The Sidewinder by Wright is a simple and automatic bobbin winding device. It operates either with batteries or with an AC adapter (included in the box).

This guy is little and very lightweight. I really liked the idea of winding bobbins without having to get the sewing machine involved — I use a number of different vintage sewing machines and not all of them wind bobbins as good as others do. Introducing a “neutral third party” seemed an obvious solution!

This is a low-cost accessory — list price is $29.95, but I bought mine at Hancock’s discounted to $17.95.

When you open the box, you’ll find the AC adapter, a cute little plastic box with a handle (the winder), and a short instruction sheet in several languages. Actually, the winder is pretty intuitive and you may not need the instructions at all.

The high plastic spool pin on the left is where you stick your spool of thread. You’ll route the thread around the tension knob on the right. The bobbin pin is on the front left. There’s a lever arm right next to it — when you attach the bobbin, you “cock” the lever so that it presses inside the bobbin. When the bobbin fills up, the lever will move and turn off the winder.

IMPORTANT NOTE!!!!Once you start the winder, the only way to turn it off is to have the cocking lever flip back outside the bobbin. Found this out the hard way.

The green button on the right front turns the winder on. The two pins in the front are for storing extra bobbins.

Here’s my winder all set up for winding a bobbin. I’ve got my thread running around the tension disk, then through the bobbin. I’m holding the loose tail of thread. I’ll let it go once the bobbin begins to wind.

I didn’t have to adjust the tension at all. However, I missed a little thread guide that ‘s directly between the thread spool and the tension knob. You can just see it in the picture. The thread should actually pass through this little loop guide before it hits the tension knob. It didn’t make any difference to my winding, although the thread seemed to jump up and down once winding began.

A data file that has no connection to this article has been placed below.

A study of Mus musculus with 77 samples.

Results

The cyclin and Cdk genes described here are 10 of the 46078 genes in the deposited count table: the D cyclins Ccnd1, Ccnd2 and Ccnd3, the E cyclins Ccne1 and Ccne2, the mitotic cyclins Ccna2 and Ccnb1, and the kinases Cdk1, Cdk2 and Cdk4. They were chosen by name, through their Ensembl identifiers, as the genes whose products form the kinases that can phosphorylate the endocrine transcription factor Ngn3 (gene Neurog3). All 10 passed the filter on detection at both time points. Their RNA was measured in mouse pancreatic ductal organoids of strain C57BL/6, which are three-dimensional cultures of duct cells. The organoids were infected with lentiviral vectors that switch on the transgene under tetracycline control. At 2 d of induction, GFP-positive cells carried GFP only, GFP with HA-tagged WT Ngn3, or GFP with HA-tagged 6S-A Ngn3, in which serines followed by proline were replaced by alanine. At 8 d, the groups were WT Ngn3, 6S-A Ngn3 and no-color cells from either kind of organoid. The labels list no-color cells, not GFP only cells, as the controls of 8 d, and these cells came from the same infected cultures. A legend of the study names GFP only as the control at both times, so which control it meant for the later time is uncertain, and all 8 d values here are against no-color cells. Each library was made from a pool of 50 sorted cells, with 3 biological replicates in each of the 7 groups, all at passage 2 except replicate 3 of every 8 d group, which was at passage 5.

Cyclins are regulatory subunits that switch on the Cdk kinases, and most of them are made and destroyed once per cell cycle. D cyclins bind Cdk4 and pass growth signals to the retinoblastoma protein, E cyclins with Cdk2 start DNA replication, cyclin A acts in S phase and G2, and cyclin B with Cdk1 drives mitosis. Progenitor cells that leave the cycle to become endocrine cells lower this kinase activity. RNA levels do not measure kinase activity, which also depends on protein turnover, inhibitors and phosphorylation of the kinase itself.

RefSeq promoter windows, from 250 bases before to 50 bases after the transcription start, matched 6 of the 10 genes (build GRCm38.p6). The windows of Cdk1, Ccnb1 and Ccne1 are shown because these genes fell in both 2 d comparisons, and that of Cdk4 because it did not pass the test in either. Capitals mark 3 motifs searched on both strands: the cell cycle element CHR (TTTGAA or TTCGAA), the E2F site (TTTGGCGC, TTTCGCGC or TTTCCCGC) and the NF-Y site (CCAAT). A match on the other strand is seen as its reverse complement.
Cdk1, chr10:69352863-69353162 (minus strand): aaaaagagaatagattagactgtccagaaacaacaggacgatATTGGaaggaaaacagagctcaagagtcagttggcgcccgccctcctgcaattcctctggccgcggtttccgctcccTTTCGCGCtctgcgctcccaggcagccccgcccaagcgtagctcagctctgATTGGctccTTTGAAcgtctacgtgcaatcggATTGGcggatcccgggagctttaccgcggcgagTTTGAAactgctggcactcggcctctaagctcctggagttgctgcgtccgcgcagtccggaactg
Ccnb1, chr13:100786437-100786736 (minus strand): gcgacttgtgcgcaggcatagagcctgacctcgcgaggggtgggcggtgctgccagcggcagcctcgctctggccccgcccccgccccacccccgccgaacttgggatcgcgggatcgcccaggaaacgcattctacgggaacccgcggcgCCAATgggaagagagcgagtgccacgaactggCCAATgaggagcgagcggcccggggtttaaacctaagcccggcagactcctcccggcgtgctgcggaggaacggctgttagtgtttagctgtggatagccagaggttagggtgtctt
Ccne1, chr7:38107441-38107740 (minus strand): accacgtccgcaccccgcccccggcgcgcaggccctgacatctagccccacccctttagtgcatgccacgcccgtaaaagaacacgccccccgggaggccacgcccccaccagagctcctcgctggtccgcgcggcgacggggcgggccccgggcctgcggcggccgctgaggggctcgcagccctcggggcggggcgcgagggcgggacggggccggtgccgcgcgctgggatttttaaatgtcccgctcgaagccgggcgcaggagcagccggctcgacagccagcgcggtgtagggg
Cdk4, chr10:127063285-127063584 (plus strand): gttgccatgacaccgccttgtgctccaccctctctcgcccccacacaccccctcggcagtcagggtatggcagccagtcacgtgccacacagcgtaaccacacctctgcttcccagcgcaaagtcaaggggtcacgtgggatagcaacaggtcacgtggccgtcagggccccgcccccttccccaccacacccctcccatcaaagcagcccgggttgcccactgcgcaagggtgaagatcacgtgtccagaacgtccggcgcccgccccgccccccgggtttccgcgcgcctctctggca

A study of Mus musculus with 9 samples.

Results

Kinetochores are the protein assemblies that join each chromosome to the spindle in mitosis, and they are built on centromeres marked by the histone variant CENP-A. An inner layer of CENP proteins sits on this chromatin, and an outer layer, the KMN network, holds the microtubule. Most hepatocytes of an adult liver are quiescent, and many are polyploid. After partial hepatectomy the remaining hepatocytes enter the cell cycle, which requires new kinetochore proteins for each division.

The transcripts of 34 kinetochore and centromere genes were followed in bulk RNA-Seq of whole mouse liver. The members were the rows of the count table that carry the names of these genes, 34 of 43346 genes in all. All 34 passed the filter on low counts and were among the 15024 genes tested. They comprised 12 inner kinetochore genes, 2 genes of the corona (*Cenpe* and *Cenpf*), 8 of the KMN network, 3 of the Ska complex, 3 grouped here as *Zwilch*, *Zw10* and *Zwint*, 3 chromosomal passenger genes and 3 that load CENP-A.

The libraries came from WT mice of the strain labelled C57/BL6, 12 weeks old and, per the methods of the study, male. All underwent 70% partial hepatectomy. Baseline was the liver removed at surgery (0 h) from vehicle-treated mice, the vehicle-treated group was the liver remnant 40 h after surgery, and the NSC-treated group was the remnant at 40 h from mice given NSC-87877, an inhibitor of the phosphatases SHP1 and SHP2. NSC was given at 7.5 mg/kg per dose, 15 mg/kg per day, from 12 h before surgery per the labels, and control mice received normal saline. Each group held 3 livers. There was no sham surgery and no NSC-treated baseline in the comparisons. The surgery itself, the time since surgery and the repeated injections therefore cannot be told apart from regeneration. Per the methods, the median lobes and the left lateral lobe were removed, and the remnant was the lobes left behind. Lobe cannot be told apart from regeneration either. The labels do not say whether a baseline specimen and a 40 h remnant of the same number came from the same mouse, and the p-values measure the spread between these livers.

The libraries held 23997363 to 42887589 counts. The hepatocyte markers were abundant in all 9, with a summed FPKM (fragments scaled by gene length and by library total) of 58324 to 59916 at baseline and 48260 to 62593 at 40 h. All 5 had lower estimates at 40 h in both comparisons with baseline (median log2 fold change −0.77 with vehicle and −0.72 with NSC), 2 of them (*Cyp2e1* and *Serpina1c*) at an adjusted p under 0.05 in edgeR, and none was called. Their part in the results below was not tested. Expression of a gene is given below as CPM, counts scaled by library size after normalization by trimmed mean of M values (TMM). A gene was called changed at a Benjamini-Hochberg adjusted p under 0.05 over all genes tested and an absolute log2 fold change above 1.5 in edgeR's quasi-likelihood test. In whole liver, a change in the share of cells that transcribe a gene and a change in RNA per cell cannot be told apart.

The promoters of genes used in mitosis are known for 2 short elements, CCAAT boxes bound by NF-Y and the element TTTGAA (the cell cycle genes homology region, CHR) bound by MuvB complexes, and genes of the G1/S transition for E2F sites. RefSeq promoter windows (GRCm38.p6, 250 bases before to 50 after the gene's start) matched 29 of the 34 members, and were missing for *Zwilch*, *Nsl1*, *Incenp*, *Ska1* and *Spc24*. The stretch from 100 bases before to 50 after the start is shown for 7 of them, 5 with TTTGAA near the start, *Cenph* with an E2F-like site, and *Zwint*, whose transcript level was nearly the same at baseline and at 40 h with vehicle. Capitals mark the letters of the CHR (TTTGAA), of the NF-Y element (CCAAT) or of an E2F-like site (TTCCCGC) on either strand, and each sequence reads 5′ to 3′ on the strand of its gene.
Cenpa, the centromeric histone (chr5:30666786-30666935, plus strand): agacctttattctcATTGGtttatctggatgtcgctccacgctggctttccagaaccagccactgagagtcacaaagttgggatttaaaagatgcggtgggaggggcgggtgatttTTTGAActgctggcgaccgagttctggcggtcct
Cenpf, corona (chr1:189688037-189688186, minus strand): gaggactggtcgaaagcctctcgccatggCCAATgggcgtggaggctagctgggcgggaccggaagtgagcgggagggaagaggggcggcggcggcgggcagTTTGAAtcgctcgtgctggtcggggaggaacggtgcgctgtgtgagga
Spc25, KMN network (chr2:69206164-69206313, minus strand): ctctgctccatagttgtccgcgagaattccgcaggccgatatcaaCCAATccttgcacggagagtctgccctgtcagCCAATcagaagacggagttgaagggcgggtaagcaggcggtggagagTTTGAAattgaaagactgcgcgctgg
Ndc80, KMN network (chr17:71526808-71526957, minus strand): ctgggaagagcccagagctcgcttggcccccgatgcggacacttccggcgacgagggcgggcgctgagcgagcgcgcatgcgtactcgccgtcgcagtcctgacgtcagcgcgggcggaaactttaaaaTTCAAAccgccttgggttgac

I was very surprised to find out how powerful the winding action was. It didn’t ramp up slowly; when I pushed the green button the bobbin began spinning at top speed. It surprised me and pulled the thread tail from my fingers. The thread spun out of the bobbin and the bobbin was spinning but not winding anything.

That’s when I found out pressing the green button again did not stop anything. I had to flick the stop lever with my finger to force the winder to stop so I could try again.

My excuse for losing the thread tail the first time was that it surprised me. I don’t have an excuse for the next two times when the same thing happened again … twice! That bobbin is really spinning fast and therefore pulling hard!

Anyway, the third time was the charm. I finally held on to the loose tail hard enough so that the bobbin could begin winding. I snapped a picture in mid-wind — my shutter speed was fast enough to freeze the bobbin image, but in real life it was moving like a fast blur.

Note the position of the stop lever — see how it’s not quite at a right angle to the front of the device?

Here’s the finished and completely wound bobbin — the device stopped automatically when it filled up.

Note the position of the stop lever now — it’s at almost a right angle to the front of the device. When the bobbin filled, it tipped the lever to this position and shut things off.

At this point, you cut the thread and remove the bobbin (just pull it off the bobbin pin).

All done — so let’s close the lid! Cute little thing when it’s shut, isn’t it?

I keep the winder on a nearby shelf and pull it out when I need it. When I ever get organized enough to have my power strips set up right, I’ll just keep the AC adapter plugged in and ready to attach to my winder.

Is it a good deal or not? Well, even at list price it works for me. It’s worth $30 to not have to worry about winding bobbins. If you catch one on sale, then it’s really worth the cost!